This year’s harvest of wheat, Iraq’s most important crop, is likely to fall to 40 per cent of normal levels as rainfall declines by 50 per cent, said Fadel El-Zubi, head of the Iraqi office at the United Nations Food and Agriculture Organization.
“This is the fourth consecutive year of drought in Iraq,” El-Zubi said in a phone interview on July 30. The country will have to import 4 million tons of wheat this year to meet its annual demand of about 5 million tons, he said.
Iraq, holder of the world’s third-largest oil reserves, is struggling to rebuild its economy six years after U.S.-led forces ousted Saddam Hussein. The government depends on oil for more than 90 per cent of revenue according to the Central Intelligence Agency’s World Factbook. It is seeking to attract foreign investors to expand its petroleum industry.
The FAO forecasts Iraq’s wheat production will be less than 1 million metric tonnes this year, compared with average output of 2.5 million tonnes from 2000 to 2007. Iraq produced 1.5 million tonnes of wheat last year.
Global wheat production will drop to 654 million tonnes in 2009-10, from 687 million tonnes in the previous year, the London- based International Grain Council said July 30. Wheat stocks will rise to 174 million tons from 161 million tonnes a year earlier as production outpaces consumption for a second year, according to the council.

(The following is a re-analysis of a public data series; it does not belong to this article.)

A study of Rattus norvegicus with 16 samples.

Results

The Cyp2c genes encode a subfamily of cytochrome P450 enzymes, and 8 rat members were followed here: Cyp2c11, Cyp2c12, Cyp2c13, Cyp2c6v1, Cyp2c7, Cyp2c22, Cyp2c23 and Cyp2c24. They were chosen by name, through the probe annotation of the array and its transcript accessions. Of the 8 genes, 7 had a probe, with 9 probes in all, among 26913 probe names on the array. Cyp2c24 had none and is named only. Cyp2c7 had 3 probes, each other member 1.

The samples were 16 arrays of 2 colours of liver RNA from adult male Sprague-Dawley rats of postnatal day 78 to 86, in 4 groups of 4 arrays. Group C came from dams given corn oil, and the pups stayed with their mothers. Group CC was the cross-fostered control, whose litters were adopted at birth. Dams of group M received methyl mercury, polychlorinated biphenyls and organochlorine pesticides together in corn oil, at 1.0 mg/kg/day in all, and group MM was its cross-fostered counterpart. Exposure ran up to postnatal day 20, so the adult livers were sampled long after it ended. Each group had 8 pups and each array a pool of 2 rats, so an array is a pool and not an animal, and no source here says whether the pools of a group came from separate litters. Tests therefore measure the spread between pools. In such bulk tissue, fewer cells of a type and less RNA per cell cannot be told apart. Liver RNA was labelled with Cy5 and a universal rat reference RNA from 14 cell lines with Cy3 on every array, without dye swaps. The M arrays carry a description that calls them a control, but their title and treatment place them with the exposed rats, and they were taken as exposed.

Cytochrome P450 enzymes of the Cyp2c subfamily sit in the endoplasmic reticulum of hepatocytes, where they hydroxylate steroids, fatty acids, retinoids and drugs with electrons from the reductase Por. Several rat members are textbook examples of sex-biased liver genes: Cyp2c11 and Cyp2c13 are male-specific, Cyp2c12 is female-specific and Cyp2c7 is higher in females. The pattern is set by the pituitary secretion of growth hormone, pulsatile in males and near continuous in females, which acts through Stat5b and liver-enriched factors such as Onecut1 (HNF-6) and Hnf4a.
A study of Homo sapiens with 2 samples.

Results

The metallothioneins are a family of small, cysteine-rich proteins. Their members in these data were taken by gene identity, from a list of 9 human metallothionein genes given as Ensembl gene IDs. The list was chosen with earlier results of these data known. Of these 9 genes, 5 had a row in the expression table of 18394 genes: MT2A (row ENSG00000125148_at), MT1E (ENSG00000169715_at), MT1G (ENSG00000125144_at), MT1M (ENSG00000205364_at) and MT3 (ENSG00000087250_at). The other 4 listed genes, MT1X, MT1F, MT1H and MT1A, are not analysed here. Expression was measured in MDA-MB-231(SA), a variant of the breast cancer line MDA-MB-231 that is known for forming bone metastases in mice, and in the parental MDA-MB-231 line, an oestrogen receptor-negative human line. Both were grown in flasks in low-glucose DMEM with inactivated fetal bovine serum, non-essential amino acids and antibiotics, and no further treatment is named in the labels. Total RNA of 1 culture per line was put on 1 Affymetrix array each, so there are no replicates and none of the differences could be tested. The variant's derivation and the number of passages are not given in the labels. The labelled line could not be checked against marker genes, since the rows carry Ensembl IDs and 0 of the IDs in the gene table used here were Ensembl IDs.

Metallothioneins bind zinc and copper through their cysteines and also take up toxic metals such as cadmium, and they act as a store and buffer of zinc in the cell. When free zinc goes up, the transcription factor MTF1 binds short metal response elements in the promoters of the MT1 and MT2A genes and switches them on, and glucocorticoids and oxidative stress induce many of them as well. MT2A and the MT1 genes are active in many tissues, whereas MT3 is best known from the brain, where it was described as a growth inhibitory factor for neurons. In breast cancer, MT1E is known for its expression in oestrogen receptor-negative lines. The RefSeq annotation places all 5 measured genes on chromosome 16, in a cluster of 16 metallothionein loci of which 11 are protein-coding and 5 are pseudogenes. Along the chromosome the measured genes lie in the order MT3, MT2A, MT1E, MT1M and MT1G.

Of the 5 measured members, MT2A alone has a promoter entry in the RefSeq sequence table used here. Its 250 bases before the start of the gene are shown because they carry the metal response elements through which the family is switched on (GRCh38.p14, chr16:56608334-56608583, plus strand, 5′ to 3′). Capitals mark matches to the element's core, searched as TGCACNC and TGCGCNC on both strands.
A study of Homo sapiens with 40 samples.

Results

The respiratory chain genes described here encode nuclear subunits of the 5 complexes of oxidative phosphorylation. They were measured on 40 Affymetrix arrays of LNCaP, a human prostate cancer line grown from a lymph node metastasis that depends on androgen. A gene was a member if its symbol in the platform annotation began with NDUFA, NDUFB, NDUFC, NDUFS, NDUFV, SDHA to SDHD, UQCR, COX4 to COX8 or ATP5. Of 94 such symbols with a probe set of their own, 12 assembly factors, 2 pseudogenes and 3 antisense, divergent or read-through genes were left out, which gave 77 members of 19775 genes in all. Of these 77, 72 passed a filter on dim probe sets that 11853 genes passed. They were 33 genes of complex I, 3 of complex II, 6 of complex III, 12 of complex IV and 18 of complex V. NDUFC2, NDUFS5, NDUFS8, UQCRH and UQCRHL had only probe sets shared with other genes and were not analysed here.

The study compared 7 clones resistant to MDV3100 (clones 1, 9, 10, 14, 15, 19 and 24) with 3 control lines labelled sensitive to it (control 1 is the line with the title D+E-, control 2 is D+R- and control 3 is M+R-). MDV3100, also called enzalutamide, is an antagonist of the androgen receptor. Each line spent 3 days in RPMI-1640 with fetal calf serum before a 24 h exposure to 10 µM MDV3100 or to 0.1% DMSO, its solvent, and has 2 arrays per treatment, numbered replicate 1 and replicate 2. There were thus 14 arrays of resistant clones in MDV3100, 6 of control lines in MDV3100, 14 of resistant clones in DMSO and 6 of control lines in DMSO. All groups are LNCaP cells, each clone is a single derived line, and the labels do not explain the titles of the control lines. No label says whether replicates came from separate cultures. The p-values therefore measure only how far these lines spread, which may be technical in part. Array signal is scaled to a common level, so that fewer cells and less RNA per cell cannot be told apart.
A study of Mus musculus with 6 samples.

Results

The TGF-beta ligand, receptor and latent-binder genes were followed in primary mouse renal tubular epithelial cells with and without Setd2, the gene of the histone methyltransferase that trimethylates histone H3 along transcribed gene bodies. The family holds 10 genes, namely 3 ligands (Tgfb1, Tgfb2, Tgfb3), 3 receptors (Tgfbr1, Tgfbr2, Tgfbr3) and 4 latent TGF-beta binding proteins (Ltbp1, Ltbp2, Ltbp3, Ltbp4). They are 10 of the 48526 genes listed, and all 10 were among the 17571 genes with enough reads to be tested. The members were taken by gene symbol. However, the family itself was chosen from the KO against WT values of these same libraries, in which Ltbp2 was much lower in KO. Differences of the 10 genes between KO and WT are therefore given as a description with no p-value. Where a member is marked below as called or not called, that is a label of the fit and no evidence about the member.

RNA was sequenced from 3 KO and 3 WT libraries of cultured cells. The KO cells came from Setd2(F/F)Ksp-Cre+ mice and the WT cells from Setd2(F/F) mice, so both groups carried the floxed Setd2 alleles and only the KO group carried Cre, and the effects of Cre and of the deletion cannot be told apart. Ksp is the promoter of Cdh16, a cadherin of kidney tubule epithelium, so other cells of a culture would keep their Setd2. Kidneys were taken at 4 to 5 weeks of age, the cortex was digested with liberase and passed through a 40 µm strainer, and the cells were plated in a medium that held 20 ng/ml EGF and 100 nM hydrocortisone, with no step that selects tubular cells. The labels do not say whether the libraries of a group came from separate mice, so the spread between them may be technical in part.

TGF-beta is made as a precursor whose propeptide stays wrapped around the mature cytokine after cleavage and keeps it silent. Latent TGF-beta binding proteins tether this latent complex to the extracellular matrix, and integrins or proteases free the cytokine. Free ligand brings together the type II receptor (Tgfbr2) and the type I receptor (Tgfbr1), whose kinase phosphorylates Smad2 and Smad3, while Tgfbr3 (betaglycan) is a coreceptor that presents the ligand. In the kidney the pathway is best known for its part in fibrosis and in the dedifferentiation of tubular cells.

Wheat traded on the Chicago Board of Trade has dropped 11 per cent this year to $5.4525 a bushel today, extending last year’s 31 per cent decline. Oil declined more than 50 per cent in New York on Wednesday from a record $147.27 in July last year. Iraq raised $6.7 billion from oil exports in that month compared with $3.7 billion in June this year, according to the Oil Ministry, making less cash available for grain purchases.
The combination of rainfall as low as about 25 percent of normal levels and less water from rivers flowing out of Turkey and Syria has hurt the country’s grain-growing areas, according to the U.S. Department of Agriculture.
“Crop yields are expected to be significantly reduced in major southern irrigated provinces this year owing to critical shortages of irrigation water in the Tigris and Euphrates river systems during the wheat growing season,” USDA analyst Michael Shean said in a May 12 report.
Iraq will import 3.8 million tons of wheat in the 12 months ending June 2010, the most since the period ending June 2006, according to the USDA.
Iraq depends on water from rivers passing through Syria and Iran, which are also facing drier than normal conditions, Shean said in a phone interview on July 29. Syria and Turkey use water from the Tigris and Euphrates rivers for their agriculture and power generation. El-Zubi of the FAO said an agreement on water sharing between these countries is necessary for Iraq to tackle the drought. “If you want to have an agricultural strategy to produce more, you need to have a water master plan,” El-Zubi said. “For that you need to know how much water you have and when you’ll have it.”